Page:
Facing the New Year

At least that’s what we want to believe.

But as anyone (read: everyone) who has ever resolved to join a gym and get in shape, lose 10 pounds, eat better, act better, be better at everything knows, resolutions are frequently a recipe for failure. 

Too often, we decide that January 1st is the day we’re going to totally recreate ourselves and our lives. And we do—for about two weeks. Then, life intervenes, we slip back into old habits, and by February 1st, we’re no thinner, not much better, and still eating donuts. Happy New Year. 

Those dealing with the addiction of a loved one may be equally determined that this year is going to be different. And it can be, if resolutions are reasonable and consider the unpredictability of addiction. 

Before making any resolutions about how you’re going to change the addiction in your family, keep one simple thing in mind: the only thing you can change about addiction, unless you yourself are the addict, is your behavior and thoughts towards it.

You cannot change an addict. 

You will never be able to love an addict out of addiction, talk them out of addiction or bribe them out of addiction. You can, however, change your behavior towards the addict and how the addiction impacts your life.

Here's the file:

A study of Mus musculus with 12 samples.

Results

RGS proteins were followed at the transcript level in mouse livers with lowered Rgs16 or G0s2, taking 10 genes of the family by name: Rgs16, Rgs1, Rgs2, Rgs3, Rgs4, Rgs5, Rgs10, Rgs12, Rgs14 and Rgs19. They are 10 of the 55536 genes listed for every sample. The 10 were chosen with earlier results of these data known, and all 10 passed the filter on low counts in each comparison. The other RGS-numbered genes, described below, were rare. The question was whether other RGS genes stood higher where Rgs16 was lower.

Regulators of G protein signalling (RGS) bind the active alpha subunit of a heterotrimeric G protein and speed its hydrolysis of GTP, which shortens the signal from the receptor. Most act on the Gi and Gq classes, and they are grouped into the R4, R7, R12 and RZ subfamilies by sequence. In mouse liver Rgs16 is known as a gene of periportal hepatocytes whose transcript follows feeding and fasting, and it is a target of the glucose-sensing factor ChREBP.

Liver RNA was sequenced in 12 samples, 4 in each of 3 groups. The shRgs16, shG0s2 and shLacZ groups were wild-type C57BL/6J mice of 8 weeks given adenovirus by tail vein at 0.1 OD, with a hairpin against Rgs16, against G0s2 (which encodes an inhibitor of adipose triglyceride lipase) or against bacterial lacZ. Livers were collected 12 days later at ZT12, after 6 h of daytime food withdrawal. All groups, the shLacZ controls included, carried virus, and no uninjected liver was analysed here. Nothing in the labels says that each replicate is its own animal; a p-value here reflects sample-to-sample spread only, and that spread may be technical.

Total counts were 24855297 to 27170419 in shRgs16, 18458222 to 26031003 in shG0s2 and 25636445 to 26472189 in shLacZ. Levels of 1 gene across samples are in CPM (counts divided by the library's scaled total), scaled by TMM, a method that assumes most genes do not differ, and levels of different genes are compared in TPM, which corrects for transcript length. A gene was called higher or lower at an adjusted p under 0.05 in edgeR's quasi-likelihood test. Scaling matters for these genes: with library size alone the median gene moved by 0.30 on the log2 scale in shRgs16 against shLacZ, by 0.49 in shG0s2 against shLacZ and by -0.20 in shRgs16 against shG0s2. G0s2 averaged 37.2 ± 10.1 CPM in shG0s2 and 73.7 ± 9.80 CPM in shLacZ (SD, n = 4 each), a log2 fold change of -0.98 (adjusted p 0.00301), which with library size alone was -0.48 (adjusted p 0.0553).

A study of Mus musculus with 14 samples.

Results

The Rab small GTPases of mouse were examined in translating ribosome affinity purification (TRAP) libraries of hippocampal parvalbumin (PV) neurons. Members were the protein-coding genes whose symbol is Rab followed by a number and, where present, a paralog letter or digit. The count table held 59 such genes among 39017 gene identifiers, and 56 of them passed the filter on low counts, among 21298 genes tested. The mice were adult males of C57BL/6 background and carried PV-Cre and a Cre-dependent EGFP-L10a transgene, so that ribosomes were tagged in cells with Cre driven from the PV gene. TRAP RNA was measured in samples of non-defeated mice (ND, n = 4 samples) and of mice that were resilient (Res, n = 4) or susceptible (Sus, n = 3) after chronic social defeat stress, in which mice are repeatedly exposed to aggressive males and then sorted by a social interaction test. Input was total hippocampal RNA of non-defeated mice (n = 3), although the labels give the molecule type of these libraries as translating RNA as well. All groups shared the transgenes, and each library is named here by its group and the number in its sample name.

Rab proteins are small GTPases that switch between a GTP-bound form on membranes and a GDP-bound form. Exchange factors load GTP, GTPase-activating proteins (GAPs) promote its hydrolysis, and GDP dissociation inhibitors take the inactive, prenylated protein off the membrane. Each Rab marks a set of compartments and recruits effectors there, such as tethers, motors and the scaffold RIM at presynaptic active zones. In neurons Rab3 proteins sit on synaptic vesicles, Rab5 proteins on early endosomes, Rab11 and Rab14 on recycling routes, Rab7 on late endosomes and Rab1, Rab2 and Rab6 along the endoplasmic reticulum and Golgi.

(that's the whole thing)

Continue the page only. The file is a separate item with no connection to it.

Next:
While you’ll never be able to eliminate the impact of this tragedy completely, you can start to limit the effects of addiction on your everyday life by embracing one simple resolution: The Truth. 

The truth about a family member’s addiction is not pretty.

It means you must accept the fact that the person you loved is not the one standing before you. When drugs or alcohol take control of an individual, it controls them mind, body and soul. By acknowledging that, you will be better able to protect yourself from the side-effects of addiction, including lying, stealing, and manipulation. 

It doesn’t sound like a prescription for a happy New Year, but it can be the first step towards healing. When a family is willing to look at the truth about addiction, it’s often the first step towards recognizing the loved one needs help beyond what the family can give.  

Have courage and look at the truth about addiction this New Year. 

Getting help for yourself and your loved one is the best resolution you can make. 

Mary Fran Bontempo is a 2x TEDx speaker, author and humorist. Visit her at www.maryfranbontepo.com

Her latest book, “The 15 Minute Master—How to Make Everything Better 15 Minutes at a Time,” can be found on Amazon.